Published on April 13, 2015
Security analytics applied to SCADA devices can detect changes in pressure, temperature or flow that indicate a valve is 3X hotter than any other valve with 3X the pressure, and is about to blow. Applied to medical devices like Pyxis pharmacy dispensing applications, analytics can detect a clinician withdrawing a dose 10X the norm that may kill a patient. When used with unstructured data with the company’s secrets on file systems like SharePoint and Documentum, analytics can detect when a user is accessing files they shouldn’t without tortuous, time consuming data discovery and classification projects.
Security is down but not out. The hackers and the Internet won the first round and took the last decade. Pick up a paper (or open your news reader) and you’re bound to be inundated with the list of the latest compromised companies being publicly shamed. Sony, Target, Experian… multi-billion dollar companies with budgets most of us can only dream about can’t keep the bad guys out, so how can we?
There are some basic flaws in security. They walk on two legs and click on every “speed up your PC now” download and “update your password now” popup and email they see. While we’re busy securing the back door and fighting malware, our users give away our secrets faster than we can respond. So what can we do?
DLP? Unlikely. SIEM? Hasn’t worked yet. People? Yeah, right! Where are the wizards, and who’s going to approve the FTEs to hire them?
CIOs and CISOs are getting a bad rap. More and more they’re being dismissed as “IT Guys” and not strategic players in the business. (See CISOs Struggle for Respect.)
The answer lies in a new promising technology: Security Analytics. Gartner has decided it breaks into two technologies, user behavior analytics (UBA) and enterprise network forensics (ENF). (See recent posts with links to SANS and Gartner.) In fact it is one new concept applied to different data sources. The concept is simple – “learn normal and alert on weird.”
The twist is in the “learn” part of the concept. Machine algorithms can learn normal behavior for “entities.” Those entities may be users (UBA), or devices with IP addresses (ENF). Applied properly, security analytics can make the security business relevant again by collecting and analyzing logs from critical applications and alerting when things deviate substantially from normal.
Sounds like what we’ve been trying to do for years, but one difference is auto-learning rather than being manually told (by rules, filters and lists), what normal looks like.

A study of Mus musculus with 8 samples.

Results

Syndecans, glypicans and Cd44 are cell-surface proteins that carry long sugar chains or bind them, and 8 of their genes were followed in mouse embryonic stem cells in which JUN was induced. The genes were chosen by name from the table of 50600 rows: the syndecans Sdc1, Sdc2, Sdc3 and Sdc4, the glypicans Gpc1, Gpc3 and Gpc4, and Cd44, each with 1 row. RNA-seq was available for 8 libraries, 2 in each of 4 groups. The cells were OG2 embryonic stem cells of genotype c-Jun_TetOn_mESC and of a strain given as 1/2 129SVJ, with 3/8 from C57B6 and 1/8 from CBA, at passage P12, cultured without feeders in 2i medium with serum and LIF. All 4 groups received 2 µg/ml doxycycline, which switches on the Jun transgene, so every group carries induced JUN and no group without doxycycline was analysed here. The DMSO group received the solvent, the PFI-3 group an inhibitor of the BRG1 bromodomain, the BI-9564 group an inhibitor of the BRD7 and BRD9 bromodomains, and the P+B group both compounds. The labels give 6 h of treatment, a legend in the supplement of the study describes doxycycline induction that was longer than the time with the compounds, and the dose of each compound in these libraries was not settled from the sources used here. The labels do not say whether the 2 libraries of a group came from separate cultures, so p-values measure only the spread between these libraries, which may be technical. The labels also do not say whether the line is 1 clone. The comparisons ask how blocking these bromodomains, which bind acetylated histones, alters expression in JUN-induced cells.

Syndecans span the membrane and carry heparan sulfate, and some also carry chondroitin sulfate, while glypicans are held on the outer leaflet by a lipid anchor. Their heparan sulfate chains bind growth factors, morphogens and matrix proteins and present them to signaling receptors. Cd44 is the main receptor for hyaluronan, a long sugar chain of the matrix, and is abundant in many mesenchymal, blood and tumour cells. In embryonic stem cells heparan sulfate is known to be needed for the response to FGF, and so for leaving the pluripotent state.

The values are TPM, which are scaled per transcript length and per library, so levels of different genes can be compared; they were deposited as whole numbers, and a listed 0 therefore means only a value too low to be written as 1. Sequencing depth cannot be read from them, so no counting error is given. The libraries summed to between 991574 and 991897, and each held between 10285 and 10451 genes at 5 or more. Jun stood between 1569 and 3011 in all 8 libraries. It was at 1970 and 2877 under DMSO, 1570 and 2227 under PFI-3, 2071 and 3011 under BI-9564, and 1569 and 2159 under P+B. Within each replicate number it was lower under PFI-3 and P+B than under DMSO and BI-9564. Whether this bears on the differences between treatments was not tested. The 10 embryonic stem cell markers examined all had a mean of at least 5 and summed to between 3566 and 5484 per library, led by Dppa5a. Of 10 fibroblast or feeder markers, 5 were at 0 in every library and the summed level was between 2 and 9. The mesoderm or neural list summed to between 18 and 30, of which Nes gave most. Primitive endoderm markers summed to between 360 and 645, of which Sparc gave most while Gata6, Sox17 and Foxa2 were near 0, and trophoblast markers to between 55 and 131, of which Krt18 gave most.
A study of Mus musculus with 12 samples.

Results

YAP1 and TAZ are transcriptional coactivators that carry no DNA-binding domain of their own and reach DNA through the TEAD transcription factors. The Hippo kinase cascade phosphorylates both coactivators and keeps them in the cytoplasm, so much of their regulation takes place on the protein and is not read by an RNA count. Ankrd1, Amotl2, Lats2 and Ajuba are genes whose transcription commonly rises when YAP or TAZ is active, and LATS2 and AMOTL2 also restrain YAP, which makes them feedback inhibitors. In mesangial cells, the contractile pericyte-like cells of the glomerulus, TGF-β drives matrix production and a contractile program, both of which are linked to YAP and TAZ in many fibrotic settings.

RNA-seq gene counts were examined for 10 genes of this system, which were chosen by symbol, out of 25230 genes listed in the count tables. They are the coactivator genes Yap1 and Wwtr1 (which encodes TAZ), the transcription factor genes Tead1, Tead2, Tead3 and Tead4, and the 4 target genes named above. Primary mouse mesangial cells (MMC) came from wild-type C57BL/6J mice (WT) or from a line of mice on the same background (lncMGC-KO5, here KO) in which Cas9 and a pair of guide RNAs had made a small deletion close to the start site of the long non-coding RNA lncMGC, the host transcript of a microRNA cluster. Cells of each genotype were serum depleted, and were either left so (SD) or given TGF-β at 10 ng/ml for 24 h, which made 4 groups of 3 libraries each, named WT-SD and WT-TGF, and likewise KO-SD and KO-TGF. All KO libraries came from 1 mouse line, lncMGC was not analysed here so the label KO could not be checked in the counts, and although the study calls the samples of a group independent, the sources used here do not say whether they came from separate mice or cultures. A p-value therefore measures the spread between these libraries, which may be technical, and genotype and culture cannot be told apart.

This first trick is building a list of all known things about a user learned from the event data we’re already collecting. What IP addresses does this user login from? What transactions do they normally execute in any given application? Which source and destination accounts numbers are used normally? However, we can’t stop there. Individual profiling won’t help us if the account or host is already compromised.
We fight back by reaching into identity data stores (IAM tools, human resource spreadsheets, Active Directory), and learning as much about our users and who else is like them and then comparing the behaviors of similar users or devices.
If your favorite database administrator is the only DBA to ever execute a wire transfer in Oracle financials, and if the destination account number in the Bahamas has never been used by anyone else in the company, he sticks out like a sore thumb when compared to his peers.
Behavioral analytics lets security professionals apply a common methodology to any log source, applying the concept of learn normal and alert on weird into any environment. When we start moving away from malware and network layer devices into the business critical applications, our value to the business increases exponentially.
I hate to sound like I’m drinking too much Kool-Aid and reusing tired clichés. Nevertheless, I’ve seen the promised land and I know how behavioral analytics can find threats without signatures and without thousands of hours of human effort teaching a rule-based tool how to detect a known bad pattern. Best of all, I can show it to you and show you how to get it to work in your network.